Government ends Atos fitness-to-work test contract

Will Green is news editor of Supply Management
28 March 2014


The UK government has announced a settlement has been reached to end its contract with Atos covering the provision of fitness-to-work tests.

Disabilities minister Mike Penning said Atos will receive “not a penny” of compensation for the early termination of the contract with the Department for Work and Pensions (DWP), which was due to run until August 2015.

In a statement to Parliament Penning said: “I am pleased to confirm that Atos will not receive a single penny of compensation from the taxpayer for the early termination of their contract. Quite the contrary, I can also confirm that Atos has made a substantial financial settlement to the DWP.”

The minister said an OJEU notice would be issued and it was planned to award a new contract “later this year”, with a new provider taking over “by 2015”.

“I believe the most effective way to stabilise and then increase delivery is to bring in one national provider to deliver the work capability assessment, initially using elements of the Atos infrastructure,” said Penning. “In the longer term I am committed to moving to multiple providers to increase competition. My department is committed to learning the lessons from these past failures and ensuring they are reflected in the design and management of future contracts, as well as the department’s own commercial capability.”

Atos announced in February that it was seeking an “early exit” from the contract, following heavy criticism of its performance.

Ursula Morgenstern, Atos chief executive officer for UK and Ireland, said: “We are pleased to have reached an agreement with the government to allow us to exit this contract early and we remain committed to delivering essential services to the UK government as a strategic supplier.”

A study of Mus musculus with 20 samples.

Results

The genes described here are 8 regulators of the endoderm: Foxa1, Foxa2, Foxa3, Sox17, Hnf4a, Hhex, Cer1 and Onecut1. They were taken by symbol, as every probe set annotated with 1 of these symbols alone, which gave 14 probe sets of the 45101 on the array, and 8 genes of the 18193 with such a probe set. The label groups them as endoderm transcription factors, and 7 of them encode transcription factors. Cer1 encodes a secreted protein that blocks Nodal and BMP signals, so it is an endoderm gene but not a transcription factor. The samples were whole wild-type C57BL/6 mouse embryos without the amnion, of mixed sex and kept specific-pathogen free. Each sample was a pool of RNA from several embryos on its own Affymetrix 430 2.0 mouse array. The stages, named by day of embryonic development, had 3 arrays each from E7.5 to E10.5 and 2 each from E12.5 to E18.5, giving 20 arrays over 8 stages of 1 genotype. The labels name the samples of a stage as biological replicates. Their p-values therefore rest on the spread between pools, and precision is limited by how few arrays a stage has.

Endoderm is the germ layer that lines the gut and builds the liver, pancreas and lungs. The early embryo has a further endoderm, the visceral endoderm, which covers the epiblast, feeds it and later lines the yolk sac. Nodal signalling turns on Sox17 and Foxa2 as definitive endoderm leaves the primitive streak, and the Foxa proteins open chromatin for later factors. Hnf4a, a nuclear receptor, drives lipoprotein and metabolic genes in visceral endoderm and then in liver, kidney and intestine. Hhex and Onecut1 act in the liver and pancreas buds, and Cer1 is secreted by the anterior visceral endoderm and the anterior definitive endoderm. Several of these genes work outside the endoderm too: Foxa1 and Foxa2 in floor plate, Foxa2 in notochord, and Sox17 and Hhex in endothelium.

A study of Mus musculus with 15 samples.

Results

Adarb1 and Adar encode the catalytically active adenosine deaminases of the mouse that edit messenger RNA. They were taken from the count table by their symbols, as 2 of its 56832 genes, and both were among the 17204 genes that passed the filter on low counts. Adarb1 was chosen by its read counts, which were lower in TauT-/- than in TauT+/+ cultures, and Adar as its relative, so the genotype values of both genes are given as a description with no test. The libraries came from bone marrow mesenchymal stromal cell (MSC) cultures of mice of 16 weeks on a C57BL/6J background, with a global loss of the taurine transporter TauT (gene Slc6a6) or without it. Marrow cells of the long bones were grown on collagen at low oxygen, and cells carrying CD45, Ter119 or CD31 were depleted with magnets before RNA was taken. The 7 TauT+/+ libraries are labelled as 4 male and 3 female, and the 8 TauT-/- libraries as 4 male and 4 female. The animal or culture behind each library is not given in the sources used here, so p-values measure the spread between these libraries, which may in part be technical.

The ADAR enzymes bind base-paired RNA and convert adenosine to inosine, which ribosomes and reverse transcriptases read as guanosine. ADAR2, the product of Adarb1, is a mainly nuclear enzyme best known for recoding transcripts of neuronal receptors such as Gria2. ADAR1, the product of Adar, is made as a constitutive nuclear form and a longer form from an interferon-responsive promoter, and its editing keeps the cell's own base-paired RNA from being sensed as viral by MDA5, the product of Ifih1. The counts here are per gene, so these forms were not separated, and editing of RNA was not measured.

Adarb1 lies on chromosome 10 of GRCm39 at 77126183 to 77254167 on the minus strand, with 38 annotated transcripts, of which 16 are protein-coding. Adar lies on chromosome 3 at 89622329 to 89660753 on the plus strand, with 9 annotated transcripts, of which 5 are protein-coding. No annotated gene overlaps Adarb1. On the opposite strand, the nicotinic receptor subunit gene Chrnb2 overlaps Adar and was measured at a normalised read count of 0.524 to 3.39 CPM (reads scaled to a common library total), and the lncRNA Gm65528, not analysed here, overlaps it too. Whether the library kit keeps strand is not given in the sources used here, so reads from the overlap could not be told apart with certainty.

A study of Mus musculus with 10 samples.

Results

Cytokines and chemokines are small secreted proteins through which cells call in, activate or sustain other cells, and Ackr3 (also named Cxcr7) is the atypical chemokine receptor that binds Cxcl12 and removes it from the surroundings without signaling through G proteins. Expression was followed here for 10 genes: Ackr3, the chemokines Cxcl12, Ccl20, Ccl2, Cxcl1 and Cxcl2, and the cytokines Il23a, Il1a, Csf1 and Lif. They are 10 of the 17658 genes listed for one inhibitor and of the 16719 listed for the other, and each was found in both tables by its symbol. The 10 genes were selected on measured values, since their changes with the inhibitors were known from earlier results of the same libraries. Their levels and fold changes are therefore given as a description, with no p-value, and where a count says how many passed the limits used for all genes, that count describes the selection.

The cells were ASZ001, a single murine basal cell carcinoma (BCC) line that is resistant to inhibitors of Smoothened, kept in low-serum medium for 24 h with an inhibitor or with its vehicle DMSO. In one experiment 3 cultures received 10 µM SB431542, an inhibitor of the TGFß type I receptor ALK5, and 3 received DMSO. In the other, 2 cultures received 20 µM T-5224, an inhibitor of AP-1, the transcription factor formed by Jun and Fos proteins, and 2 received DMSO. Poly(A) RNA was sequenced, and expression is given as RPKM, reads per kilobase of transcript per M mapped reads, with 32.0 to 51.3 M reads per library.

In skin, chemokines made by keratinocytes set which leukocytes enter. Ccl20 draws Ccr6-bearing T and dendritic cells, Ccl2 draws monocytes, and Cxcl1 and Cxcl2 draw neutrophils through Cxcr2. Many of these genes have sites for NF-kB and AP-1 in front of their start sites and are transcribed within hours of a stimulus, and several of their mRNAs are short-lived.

Richard Hawkes, chief executive of the disability charity Scope, said disabled people needed more support to get into work and tests should not be “an exercise in getting people off benefits”.

"I doubt there's a single disabled person who'll be sorry to hear that Atos will no longer be running the fit-for-work tests,” he said. "There is a now a real opportunity for government to review its approach to work capability assessments and ensure that when it appoints a new provider there is a move away from a fundamentally flawed system.”

Kate Green, Labour’s shadow work and pensions minister, said: “People have been badly let down by Atos which is why Labour has repeatedly called on the government to sack them with immediate effect.

“But changing the contract isn’t enough. It’s time for the government to reform fundamentally work capability assessments so that disabled people who can work are given support they need to find a job.”

Atos will continue to deliver the Personal Independence Payment assessments in Scotland, north of England, London and south of England and to deliver work capability assessments on behalf of the Department for Social Development in Northern Ireland.